I am the mother of three beautiful biracial children. Their father and I adopted domestically from the Nashville area because we couldn’t have children of our own and were committed to serving children in our community. My children are now 22, 17, and 14. We have a complex family story. For the past 22 years, my children and I have had regular conversations about race and identity. This past weekend, those conversations went to a whole new level.
On Thursday, May 28, 2020, my 17-year-old daughter sent me four screenshots of a message she had composed for Instagram. “Also should I post this on Insta?” she asked. The picture was a Black Lives Matter banner, and her post stated that even though she doesn’t post much she wants to use her voice. Then she succinctly and eloquently stated her view that black people should not be afraid to go for a run (Ahmaud Arbery) or go to the grocery story (George Floyd). I told her it looked good and gave a quick edit.
My daughter: Okay thanks. I’m proud of myself tbh (to be honest). It’s gotta be voiced and I don’t do it enough.
Me: I’m proud of you too!
Being a thoughtful and intentional young woman, she posted on Friday, May 29, 2020. Why ask me and why wait? My daughter lives with her dad and stepmom in a predominantly white community. Although she is mixed, she is light enough that she could pass for white. Her post was not just about the events in Minneapolis. It was about identifying as a young black woman amongst her peers. She wasn’t sure how her white Instagram followers would respond to her statement. Would she be supported or ostracized? But for her, it was more important to let her voice be heard than to be popular.
On Saturday, May 30, while we were FaceTiming and making plans for her to come over, she sent me images of two dark-skinned black women wearing bright orange outfits.
“I wish I could wear clothes like this. The contrast of their skin and the bright colors just pops!” she confessed.
When she arrived at home, she immediately told me about the ever-growing positive response to her post, which had encouraged her to share more. After dinner, we turned on network news because I wanted her to see the extent of what was happening across the country. Until then, she had received most of her news via TikTok. We watched in disbelief as police in Minneapolis threw tear gas and shot rubber bullets at protesters and news reporters, and then we turned to local news, shocked to see our courthouse burning and our city under a 10pm curfew. Both of us were talking with each other, interacting with social media, and texting friends simultaneously. We were engaged with history in the making.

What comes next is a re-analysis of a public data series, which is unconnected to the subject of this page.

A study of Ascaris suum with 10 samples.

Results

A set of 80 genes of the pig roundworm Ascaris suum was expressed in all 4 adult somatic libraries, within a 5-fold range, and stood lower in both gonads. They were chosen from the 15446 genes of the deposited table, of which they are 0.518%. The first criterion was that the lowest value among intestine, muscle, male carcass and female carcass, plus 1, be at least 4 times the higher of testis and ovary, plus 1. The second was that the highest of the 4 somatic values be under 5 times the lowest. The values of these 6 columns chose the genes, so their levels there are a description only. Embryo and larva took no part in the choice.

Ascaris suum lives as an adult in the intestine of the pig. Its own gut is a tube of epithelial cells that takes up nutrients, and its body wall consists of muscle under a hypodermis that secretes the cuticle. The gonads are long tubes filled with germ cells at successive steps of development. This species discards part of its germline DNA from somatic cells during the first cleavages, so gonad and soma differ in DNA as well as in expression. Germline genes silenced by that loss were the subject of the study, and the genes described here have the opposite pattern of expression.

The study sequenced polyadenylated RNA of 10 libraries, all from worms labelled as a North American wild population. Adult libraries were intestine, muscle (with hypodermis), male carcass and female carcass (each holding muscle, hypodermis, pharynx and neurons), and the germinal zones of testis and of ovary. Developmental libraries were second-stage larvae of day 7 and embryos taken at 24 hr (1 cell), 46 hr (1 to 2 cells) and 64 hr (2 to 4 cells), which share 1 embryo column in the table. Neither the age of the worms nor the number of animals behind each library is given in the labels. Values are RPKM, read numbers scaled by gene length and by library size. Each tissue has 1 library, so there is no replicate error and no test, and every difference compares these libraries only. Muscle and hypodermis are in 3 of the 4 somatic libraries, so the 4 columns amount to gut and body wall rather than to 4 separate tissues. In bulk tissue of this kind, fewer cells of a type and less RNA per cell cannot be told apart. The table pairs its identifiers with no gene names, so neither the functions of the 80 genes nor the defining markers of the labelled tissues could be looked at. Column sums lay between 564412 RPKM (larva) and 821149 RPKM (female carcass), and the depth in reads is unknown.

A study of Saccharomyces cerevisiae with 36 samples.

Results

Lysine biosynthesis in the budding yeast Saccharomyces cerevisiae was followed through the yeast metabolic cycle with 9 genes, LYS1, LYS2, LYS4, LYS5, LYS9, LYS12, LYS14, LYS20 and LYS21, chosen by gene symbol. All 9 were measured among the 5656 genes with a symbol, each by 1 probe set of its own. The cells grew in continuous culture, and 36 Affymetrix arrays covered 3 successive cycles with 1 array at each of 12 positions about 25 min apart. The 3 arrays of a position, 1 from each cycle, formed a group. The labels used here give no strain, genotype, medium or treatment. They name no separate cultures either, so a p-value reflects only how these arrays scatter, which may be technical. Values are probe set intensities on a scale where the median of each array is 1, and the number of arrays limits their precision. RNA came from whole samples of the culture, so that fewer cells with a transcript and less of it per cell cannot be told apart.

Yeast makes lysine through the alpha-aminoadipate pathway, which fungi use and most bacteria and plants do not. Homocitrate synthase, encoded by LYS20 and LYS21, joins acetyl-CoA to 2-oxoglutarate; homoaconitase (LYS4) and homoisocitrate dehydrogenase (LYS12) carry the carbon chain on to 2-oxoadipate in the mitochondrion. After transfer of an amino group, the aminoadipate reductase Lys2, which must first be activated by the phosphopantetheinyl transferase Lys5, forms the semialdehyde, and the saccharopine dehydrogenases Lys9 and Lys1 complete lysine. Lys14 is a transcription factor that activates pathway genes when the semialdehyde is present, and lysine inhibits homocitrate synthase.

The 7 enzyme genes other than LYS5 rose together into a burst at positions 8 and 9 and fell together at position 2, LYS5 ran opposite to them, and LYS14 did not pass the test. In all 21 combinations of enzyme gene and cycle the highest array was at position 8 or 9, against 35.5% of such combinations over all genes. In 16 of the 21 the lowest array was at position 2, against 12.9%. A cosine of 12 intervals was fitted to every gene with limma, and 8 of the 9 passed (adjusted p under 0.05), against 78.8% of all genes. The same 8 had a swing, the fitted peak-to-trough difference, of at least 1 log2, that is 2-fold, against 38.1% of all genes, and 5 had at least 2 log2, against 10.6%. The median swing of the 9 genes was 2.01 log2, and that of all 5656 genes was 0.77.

We took a walk on Sunday, May 31. We reviewed the events of the weekend, discussing the direct impact on her two brothers. Somewhere in the midst of the conversation, I gently asked, “Remember those two photos you sent me of the girls in the bright dresses?”
“Yes,” she responded.
“Tell me more about that,” I prompted.
She went on to tell me how sometimes she wishes she was darker. “I’m light enough to pass, but I’m black.”
“I thought that was part of it, sweetie. Listen, you are a beautiful, strong black woman. And you could rock those bright colors if you want. You’d look great!” I encouraged.
She half-smiled, taking it all in.
This is only a snapshot of our weekend together. I am incredibly grateful that my daughter trusts me enough to process with me, to open her heart and let me in…to give me the privilege of walking with her through the questions and emotions – the anger, the sadness – the pain.
There is no quick answer or easy solution to the events we find ourselves in here in America or the personal impact it has on us as individuals. But what our brothers and sisters in the black community want and need from us is to be heard, just like my daughter.
Here are some suggestions for processing these events with your children of every color:
1. Show them what is happening. – Turn on the news for a limited time (the amount of time depends on their age). Let them see firsthand the events unfolding in our country.
2. Have a conversation. – Ask them what they saw. Let them ask questions.
3. Affirm their emotions. – It’s okay to be sad, angry, scared, and confused. Encourage them to talk, not keep things inside. Let them know they are not alone.
4. Encourage connection. – Remind your children to reach out to their black and brown friends to let them know they care. This is something we need to do intentionally, especially in this time of social distancing.
Find out more at www.loveinabigworld.org.